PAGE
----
In the worry over a potential 82 percent state funding cut for higher education, there has been a recurrent theme: more autonomy.

“One of the things we’ve asked for are autonomies,” Higher Education Commissioner Joseph Rallo has said on several occasions. They would allow us — whether it’s audits or procurements — to go out there in the marketplace and get some competitive bids.”

A bill that would grant some of those autonomies, HB 766 by Gretna Rep. Bryan Adams, was heard in House Education Tuesday afternoon.

It says as long as a college or university has three years of past clean audits to show, it is eligible to contract for outside services, without getting legislative approval first. That would also have included hiring outside auditors, until Metairie Rep. Cameron Henry offered an amendment to remove that provision.

“We have a legislative auditor,” Henry said, as reason behind his amendment.

Gov. Jindal’s policy advisor Stafford Palmieri intervened, saying, “This is something that higher education felt was very important to them, and it’s why it was in the bill. The Legislative Auditor obviously has a problem with this.”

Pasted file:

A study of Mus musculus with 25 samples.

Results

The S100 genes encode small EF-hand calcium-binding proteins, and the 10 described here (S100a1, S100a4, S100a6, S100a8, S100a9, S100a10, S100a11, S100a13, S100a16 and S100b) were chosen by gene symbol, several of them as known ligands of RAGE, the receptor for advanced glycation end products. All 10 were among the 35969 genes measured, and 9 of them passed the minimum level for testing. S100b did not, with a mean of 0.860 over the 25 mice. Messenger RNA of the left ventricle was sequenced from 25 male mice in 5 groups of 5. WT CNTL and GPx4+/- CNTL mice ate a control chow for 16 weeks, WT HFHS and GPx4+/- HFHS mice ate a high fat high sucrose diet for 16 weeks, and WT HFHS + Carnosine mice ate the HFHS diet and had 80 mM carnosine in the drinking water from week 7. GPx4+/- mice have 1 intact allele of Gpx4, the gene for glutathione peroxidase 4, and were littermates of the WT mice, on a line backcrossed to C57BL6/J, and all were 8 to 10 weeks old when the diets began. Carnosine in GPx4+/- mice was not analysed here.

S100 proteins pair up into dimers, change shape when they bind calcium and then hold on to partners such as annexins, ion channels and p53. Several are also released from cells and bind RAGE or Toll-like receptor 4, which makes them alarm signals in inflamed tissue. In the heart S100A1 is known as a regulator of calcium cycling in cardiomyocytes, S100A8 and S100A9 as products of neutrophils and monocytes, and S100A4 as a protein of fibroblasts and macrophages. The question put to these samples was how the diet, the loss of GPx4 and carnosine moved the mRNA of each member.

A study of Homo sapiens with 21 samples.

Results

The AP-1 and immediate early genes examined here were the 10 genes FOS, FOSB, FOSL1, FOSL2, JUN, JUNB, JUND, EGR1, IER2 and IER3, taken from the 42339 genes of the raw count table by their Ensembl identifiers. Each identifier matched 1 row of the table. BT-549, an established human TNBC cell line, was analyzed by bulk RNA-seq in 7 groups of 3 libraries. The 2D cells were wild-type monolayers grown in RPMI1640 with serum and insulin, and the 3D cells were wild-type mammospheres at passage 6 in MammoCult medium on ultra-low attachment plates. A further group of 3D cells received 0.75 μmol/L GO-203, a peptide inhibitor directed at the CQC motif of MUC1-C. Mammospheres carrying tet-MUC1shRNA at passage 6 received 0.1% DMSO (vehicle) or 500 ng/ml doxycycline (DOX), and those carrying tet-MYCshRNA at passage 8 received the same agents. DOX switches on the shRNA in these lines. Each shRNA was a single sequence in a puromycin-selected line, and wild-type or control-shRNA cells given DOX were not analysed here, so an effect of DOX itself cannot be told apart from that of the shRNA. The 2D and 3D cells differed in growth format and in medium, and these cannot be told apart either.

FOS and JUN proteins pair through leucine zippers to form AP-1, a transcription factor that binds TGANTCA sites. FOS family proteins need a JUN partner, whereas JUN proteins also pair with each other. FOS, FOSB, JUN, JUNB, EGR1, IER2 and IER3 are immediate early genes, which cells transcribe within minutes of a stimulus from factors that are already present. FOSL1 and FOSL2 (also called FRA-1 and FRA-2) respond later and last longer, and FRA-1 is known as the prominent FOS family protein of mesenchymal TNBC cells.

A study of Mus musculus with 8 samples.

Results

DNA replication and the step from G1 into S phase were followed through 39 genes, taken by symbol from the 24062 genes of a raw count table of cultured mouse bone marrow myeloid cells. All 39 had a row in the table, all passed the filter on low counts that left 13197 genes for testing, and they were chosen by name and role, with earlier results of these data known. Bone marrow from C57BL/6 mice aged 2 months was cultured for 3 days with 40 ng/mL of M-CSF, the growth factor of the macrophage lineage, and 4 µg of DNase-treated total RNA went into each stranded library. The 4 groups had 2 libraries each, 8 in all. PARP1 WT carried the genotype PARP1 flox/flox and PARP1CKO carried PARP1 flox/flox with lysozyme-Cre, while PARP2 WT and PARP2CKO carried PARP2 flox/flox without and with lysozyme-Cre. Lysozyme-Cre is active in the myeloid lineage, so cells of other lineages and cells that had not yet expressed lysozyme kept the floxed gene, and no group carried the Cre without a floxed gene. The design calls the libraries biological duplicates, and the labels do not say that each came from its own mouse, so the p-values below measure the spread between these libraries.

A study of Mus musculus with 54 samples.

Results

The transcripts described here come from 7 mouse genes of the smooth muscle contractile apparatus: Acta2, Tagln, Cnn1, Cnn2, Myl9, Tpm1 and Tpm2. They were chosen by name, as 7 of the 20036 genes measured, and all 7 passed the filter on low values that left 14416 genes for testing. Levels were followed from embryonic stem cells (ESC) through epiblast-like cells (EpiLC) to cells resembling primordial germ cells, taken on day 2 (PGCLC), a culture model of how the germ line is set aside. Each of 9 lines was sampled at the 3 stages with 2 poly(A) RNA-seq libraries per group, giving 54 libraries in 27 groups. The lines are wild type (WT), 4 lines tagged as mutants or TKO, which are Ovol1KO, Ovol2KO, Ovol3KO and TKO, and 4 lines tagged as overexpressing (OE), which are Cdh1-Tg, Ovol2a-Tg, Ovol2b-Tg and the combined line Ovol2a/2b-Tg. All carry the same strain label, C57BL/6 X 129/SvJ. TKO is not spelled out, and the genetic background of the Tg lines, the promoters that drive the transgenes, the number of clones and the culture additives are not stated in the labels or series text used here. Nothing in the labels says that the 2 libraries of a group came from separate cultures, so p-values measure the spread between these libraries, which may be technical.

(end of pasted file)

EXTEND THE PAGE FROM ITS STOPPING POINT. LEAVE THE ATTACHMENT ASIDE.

Palmieri added, by way of explanation, “The primary issue is not the excellent job that he does. It’s the amount of money that he charges for his service.”

“If we all agree that it’s important to save money wherever we can — particularly in this particular session — why would we make that concession, regardless of who has a problem with it?” New Orleans Rep. Wesley Bishop asked his fellow committee members.

That was enough for Legislative Auditor Daryl Purpera, who then came to the table to set the record straight.

“By constitution, I am charged with auditing the state of Louisiana. The universities are a part of that. I must render an accountant’s opinion on their financial statements, which I cannot do if I have not done the audit,” Purpera stated.

He also told the committee outside auditors have been tried before, which ended up with some universities having their accreditation put in jeopardy.

As for the cost, Purpera laid the blame back on the higher education institutions’ doorsteps.

“The way they can save on their audit costs is do a better job right up front,” Purpera said.

The amendment was approved, so outside audits are out. The amended bill now heads to the House floor.